What We Want Them to Learn Part 3: Critical Thinking

On the surface this may seem very similar to part 2: logic and reasoning but it’s actually very different. Logic and reasoning are about problem solving where critical thinking is about discernment.

Critical Thinking

Why we chose it:

Quite simply I don’t want them to be taken advantage of. Whether it’s by a slick politician, a cunning supervisor, a spiritual guru, a clever marketing exec. or a mischievous friend; many people who purport to have our best interests at heart have their own agenda.  I want my kids to be able to think critically about the information being presented to them and discern if it’s based in fact or if facts are being manipulated.

How we facilitate learning it:

Much like logic and reasoning, critical thinking is learned through conversation. Lots and lots of conversation. There is much going on in the political world right now and when those annoying political ads come on we talk about the ways they manipulate data, leave out information, play to people’s emotions, etc. When topics come up that are controversial we talk about what makes it controversial, what good points do both sides make, what flaws are there on both sides, etc. When we see ads making ridiculous claims about products we point it out. Mostly we ask lots and lots of questions.

A few of the questions we ask include (but aren’t necessarily limited to): What do current experts in the field have to say? What are the credentials of these experts? Might they have an ulterior motive? What was the methodology when finding the data? Why does methodology matter? Has this information (whether historical, scientific, etc.) been peer reviewed? What makes peer review so important? Why might there be disagreement among experts? When should we take these disagreements seriously?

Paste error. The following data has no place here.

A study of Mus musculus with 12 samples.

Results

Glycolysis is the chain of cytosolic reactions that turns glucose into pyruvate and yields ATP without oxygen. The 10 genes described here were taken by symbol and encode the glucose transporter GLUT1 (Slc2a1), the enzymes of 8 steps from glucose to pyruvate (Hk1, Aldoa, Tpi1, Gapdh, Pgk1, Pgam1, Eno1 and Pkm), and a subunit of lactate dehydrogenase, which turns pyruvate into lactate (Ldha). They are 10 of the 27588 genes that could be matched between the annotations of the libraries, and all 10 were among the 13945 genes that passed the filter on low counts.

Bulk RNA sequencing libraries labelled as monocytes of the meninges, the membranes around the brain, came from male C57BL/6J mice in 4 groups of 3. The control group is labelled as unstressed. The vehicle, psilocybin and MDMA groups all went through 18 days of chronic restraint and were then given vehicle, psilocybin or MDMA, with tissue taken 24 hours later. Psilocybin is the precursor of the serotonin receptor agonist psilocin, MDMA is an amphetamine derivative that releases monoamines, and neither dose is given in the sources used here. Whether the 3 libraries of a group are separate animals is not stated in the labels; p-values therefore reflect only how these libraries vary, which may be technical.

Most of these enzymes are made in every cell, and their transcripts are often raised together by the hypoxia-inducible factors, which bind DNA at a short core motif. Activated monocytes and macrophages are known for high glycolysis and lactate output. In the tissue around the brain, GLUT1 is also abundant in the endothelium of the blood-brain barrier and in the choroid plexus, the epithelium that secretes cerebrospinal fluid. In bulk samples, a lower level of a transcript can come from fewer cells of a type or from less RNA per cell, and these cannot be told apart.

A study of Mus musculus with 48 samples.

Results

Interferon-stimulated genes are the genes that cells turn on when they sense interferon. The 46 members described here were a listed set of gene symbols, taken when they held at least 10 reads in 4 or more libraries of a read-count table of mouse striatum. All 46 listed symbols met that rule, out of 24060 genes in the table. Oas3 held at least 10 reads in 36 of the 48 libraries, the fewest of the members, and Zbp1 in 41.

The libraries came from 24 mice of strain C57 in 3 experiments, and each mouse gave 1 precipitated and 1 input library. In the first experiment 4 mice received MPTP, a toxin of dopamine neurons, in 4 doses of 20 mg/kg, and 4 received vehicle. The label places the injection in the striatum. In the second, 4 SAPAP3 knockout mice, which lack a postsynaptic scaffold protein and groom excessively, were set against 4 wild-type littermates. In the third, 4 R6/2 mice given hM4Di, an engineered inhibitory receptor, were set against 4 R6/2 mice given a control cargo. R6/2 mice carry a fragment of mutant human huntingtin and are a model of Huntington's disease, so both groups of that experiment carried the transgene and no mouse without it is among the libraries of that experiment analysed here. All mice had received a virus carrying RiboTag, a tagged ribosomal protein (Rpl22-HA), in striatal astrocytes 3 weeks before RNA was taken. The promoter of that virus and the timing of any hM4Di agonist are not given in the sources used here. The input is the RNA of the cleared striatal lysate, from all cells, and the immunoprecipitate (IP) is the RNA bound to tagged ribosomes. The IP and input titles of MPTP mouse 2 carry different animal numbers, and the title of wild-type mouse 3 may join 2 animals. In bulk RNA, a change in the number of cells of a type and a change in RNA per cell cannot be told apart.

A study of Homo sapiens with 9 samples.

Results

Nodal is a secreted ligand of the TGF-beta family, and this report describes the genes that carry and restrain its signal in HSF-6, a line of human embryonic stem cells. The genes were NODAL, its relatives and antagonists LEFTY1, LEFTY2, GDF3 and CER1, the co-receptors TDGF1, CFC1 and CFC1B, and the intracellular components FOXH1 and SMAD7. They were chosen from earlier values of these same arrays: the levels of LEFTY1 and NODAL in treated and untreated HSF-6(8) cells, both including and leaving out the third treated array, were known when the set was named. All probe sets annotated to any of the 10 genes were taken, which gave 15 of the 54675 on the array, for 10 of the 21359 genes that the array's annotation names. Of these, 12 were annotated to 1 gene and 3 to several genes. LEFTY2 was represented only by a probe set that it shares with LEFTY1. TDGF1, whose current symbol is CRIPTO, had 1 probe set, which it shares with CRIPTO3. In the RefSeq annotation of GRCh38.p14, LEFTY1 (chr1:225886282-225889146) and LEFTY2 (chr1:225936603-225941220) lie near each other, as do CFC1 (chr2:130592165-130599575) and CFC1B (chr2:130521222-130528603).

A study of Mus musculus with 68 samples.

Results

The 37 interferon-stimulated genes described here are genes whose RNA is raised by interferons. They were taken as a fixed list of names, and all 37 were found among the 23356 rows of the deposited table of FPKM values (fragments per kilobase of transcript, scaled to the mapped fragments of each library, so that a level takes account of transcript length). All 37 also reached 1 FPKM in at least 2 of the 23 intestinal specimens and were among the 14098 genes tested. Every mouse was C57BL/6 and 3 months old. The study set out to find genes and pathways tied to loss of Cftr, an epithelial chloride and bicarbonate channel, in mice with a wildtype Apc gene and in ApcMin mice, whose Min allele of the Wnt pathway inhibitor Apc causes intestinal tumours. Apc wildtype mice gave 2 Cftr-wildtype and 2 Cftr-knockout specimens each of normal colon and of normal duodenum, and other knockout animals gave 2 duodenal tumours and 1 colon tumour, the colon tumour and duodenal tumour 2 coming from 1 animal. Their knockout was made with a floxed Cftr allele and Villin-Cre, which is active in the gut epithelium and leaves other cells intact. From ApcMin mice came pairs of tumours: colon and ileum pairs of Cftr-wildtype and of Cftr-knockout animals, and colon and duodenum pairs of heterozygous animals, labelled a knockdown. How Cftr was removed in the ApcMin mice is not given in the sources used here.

Again, I don’t want to give the impression that we’re sitting around having these deep conversations all the time. But sometimes things come up. The news may run a story about doctors having different methods of treating illness, an article may be published about new scientific discoveries, we may see a movie that shows a different perspective on a historical event. When that happens we talk- in brief spurts. We plant the seed of encouragement to ask questions.

Are they learning it:

They’ve begun asking these questions on their own. When they share an opinion and I ask them why they think that they usually offer well reasoned arguments. When we watch TV they readily question what they see, both from the shows themselves and the ads. They don’t automatically believe that the conventional methods/beliefs are right but also don’t disagree just for the sake of being different. They seem to be growing into discerning young people and, hopefully, as they continue to mature so will their critical thinking.

 


    • Thanks for reading it! I have one more post for this series (planning for goals) but got sidetracked last night by needing to get the one I posted out, lol.